JobsOhio focuses on military and federal sector, sees record growth

With vibrant fall colors popping in the background, vehicles enter Wright-Patterson Air Force Base through Gate 22B on Nov. 3. U.S. AIR FORCE PHOTO/R.J. ORIEZ


Ohio Gov. Mike DeWine and JobsOhio leaders on Tuesday said Ohio faces a “generational opportunity” to ignite the state’s economy after a record-setting year and with particular focus on the military and federal sector.

“The pandemic has exposed the disadvantages of doing business on the East Coast and West Coast, quite bluntly, and highlighted the tremendous opportunities of doing business and and living here in the state of Ohio,” DeWine said, addressing the JobsOhio board at its meeting Tuesday marking the end of JobsOhio’s 10th year in existence.


But JobsOhio President JP Nauseef announced a record-setting year for his organization. He said the agency helped create 31,165 jobs; added $1.74 billion to statewide payrolls; won 403 projects; and helped retain and expand 2,200 businesses. These are new all-time highs in each category.

“Ohio, in a COVID-calibrated economy, is wining,” Nauseef said.

In the Dayton region, JobsOhio working with local partner the Dayton Development Coalition set new records as well, with 3,881 new jobs created and 59 projects won.

DeWine and JobsOhio officials noted how the pandemic caused “reshoring,” as supply lines were disrupted and companies learned the importance of manufacturing things in the U.S. Ohio’s location, low cost of living, high qualify of life, and efforts by JobsOhio make the state competitive amid this phenomenon, they said.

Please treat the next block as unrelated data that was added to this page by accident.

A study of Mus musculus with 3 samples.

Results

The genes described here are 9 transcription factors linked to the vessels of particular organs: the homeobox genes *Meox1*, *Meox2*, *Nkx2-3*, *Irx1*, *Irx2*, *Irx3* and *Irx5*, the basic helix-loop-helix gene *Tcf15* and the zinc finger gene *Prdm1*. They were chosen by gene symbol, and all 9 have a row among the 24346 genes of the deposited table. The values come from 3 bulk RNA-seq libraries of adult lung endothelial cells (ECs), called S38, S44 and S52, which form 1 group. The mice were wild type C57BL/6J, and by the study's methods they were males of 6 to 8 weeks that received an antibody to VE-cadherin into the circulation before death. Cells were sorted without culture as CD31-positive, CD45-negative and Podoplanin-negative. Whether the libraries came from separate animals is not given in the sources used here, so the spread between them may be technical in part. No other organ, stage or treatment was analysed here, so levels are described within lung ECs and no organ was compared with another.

“Ohio truly has a generational opportunity, a once in a lifetime opportunity to take our economy to new heights and JobsOhio will help us do that,” DeWine said.

Federal and military sector

JobsOhio last year added federal and military installations to its list of sectors targeted for investment, which could yield particular benefit for the Dayton region as home to Wright-Patterson Air Force Base — the largest single-site employer in Ohio.

Elaine Bryant, manager of the JobsOhio program and executive vice president for aerospace and defense at the Dayton Development Coalition, said their goal is to be the No. 1 state for military missions, be welcoming to military families and veterans, and support industry clusters.

Ohio in the past year has passed several pieces of legislation to make the state more military friendly, and provides incentives for defense-industry companies.

ExploreTomorrow’s Community Conversation: Making our region the best for the military and veterans

“I don’t see anybody going as fast and going as deep to incentivize military families to come to Ohio but also to reap the benefits of having military retirees in the communities,” said retired Gen. Michael “Buzz” Mosely, former chief of staff of the U.S. Air Force.

An economic impact study recently released by JobsOhio found that Ohio’s military and federal installations support 380,500 jobs and account for 6% of the state’s economy, representing $69 billion in total economic impact.

In the western Ohio region including Dayton, military and federal spending supports over 103,000 jobs and accounts for roughly $11.6 billion in regional economic impact — accounting for 17% of the region’s total economy — the study found.

ExploreMilitary, vets crucial to Dayton’s future. Is Dayton crucial for them?

Join our community conversation

The health and growth of Wright-Patterson Air Force Base — the largest single-site employer in Ohio with 32,000 workers — is critical to the success of our entire region. That’s why the Dayton Daily News will examine what needs to be done to keep and attract both military missions and veterans to the area in a Community Conversation at 6 p.m. Wednesday, Dec. 15. You can watch the live discussion on the Dayton Daily News Facebook page.